By Greg Riddle
The Dallas Morning News
Friday night was a time to play football, not protest, on the opening day of games for Dallas-area teams.
Midlothian Heritage players locked arms as they entered the field, and they walked to the far end zone and briefly knelt. But that wasn’t a sign of protest.
"That was just a prayer, to make sure we get right for the game," Heritage senior quarterback Daelin Rader said.
Protests in professional sports dominated the headlines this week, especially in the NBA, where three days of playoff games were postponed when players chose not to play after Jacob Blake, a Black man, was shot seven times in the back by police in Kenosha, Wis. There was no protesting police brutality and racial injustice at Midlothian ISD’s stadium, as players from Heritage and Wichita Falls Hirschi stood for the national anthem and then took their positions for the opening kickoff.
"We just thought it was too controversial," Rader said. "We didn’t want any problems. We didn’t want to be in the media."
They were focused on playing their first game amid the coronavirus pandemic. And on surviving the heat. The temperature was 101 degrees and the heat index was 108 at kickoff.
Thanks to a big game from Rader, a wide receiver-turned-quarterback, Heritage rolled to a 42-14 win.
"It’s just a blessing to be able to play this game," Heritage coach Lee Wiginton said. "There has been so much going on. So many people worked so hard for this to be able to happen, from the state level to our local level."
Only schools in Class 4A and below are allowed to play for the first month, and Midlothian ISD allowed only 40% capacity Friday — 10% less than the maximum allowed by the UIL. Social distancing was enforced in the stands, with every other row marked off with tape, and while only about 125 fans occupied the Hirschi side of the stadium, the home side was well filled.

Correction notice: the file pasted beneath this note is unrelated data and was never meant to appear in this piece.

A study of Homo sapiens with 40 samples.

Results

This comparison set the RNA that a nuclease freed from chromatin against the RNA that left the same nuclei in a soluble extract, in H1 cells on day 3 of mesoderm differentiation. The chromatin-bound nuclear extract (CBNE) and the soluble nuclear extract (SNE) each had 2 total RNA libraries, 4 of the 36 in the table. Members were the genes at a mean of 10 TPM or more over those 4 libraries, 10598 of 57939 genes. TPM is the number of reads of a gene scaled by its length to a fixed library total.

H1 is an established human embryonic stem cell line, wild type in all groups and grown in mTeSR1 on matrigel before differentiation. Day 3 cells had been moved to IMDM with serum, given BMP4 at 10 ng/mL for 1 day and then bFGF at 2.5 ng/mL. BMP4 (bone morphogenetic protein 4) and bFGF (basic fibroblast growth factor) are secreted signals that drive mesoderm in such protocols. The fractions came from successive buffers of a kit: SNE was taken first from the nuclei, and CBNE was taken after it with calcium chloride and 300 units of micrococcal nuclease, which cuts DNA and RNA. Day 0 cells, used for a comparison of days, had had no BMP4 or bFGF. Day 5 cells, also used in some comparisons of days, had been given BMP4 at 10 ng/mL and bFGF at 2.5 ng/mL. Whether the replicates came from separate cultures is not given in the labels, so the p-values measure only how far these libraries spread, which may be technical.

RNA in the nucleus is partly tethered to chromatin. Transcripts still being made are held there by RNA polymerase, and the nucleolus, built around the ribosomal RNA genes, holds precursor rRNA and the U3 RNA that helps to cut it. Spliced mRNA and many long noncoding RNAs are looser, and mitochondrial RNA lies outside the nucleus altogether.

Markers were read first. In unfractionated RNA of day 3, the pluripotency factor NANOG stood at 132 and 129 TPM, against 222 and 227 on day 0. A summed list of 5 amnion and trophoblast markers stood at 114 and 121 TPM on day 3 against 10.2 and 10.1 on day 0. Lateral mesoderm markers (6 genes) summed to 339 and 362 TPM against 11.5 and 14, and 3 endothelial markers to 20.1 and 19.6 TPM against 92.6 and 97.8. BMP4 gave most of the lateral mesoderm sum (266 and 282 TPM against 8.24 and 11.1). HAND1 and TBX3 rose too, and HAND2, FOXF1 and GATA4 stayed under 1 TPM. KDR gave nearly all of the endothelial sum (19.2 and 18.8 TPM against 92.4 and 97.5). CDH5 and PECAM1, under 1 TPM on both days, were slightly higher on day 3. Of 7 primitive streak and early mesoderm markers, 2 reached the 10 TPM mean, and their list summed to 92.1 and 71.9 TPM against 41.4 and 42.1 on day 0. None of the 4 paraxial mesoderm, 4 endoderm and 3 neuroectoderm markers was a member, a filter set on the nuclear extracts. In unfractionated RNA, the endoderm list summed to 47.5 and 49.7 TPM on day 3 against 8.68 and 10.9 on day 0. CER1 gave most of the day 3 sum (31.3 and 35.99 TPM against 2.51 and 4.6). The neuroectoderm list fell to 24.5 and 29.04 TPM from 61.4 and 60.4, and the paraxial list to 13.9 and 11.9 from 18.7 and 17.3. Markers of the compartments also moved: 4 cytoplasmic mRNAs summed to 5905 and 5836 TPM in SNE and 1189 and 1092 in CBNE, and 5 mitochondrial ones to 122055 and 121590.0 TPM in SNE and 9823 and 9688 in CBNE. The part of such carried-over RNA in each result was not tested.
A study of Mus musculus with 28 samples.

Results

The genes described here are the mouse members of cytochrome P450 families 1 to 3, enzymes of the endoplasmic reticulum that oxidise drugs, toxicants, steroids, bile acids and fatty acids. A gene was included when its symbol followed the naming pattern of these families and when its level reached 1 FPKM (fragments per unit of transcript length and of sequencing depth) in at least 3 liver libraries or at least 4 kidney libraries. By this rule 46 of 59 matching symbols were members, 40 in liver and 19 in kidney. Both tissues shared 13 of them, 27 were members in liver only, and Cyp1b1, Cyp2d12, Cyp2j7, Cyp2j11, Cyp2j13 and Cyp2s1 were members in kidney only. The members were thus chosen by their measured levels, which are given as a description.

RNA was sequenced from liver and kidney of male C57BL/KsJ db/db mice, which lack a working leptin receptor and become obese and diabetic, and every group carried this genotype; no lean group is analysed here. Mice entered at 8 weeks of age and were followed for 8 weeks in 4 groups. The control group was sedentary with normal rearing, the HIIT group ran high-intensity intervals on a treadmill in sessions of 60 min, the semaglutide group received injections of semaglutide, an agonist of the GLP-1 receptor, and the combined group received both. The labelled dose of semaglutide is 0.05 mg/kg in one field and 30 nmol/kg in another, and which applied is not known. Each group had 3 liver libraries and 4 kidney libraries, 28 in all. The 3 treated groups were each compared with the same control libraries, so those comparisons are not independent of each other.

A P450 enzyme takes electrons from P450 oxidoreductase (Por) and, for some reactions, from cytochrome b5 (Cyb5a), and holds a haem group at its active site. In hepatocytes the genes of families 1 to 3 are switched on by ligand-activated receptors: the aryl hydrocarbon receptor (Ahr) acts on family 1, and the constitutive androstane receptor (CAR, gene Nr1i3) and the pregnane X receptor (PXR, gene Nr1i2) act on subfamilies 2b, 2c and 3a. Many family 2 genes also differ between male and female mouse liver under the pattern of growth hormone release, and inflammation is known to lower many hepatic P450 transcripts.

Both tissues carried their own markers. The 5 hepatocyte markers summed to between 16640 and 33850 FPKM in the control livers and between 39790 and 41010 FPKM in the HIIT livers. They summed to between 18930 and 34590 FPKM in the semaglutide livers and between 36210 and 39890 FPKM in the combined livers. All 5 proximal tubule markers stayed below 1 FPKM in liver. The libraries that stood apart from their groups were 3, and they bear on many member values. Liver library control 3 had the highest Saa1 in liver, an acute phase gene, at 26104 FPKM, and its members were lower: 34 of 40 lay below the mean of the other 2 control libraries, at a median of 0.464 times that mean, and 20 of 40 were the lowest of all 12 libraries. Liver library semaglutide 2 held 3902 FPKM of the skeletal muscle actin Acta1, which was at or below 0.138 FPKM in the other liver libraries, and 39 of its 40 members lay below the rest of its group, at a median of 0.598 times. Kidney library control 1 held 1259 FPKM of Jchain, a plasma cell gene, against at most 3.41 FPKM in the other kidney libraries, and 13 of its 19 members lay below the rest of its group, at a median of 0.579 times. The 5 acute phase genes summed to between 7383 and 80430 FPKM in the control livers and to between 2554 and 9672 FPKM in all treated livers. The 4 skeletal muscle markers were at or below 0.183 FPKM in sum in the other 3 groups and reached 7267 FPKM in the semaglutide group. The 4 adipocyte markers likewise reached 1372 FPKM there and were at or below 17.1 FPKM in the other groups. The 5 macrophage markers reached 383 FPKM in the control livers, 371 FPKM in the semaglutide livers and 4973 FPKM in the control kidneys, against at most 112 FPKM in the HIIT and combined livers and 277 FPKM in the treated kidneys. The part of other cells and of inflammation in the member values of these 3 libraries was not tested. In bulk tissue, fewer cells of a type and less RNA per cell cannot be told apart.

Rader was the star of the show, taking over as the starting quarterback after he was Heritage’s third-leading receiver in 2019. He capped Heritage’s opening possession with a 19-yard touchdown pass to Haydon Wiginton, scored on a 2-yard run midway through the second quarter and threw a 69-yard touchdown pass to Carter Wilkerson to help Heritage take a 28-14 lead into halftime.
"We had the utmost confidence," Lee Wiginton said. "He’s had a great fall camp. The kids believe in him. He believes in himself."
Rader accounted for four touchdowns, adding a 7-yard touchdown run in the fourth quarter, and he finished 18 for 24 passing for 219 yards. Running back Cullen Stone added 124 yards and two touchdowns on 22 carries, and Haydon Wiginton had 10 catches for 107 yards and a score.
Heritage entered the season ranked No. 3 in the Dallas area among 4A and 3A teams after a 9-5 season that ended in the 4A Division I Region III final. After allowing 26 points per game last year, the Jaguars’ defense limited Hirschi to 274 yards of offense for the game — and held the Huskies to 105 yards and no points in the second half.
A blocked punt gave Heritage the ball at the Hirschi 2-yard line, and it took the Jaguars just two plays to extend its lead to 14-0 on Rader’s touchdown run. Later in the second quarter, Heritage recovered a fumble at the Hirschi 5 and again needed just two plays to score, this time on Stone’s 1-yard run.
Several Hirschi players appeared to deal with cramping and had to be helped off the field. Second-team all-state defensive end Chris Murray, a three-star recruit who is committed to TCU, went down late in the third quarter and eventually limped off.
The majority of fans wore face coverings when they were up and walking around the stadium, but few used their masks when they were seated in the stands. Most Heritage players did not wear masks when they were on the sideline and had their helmets off.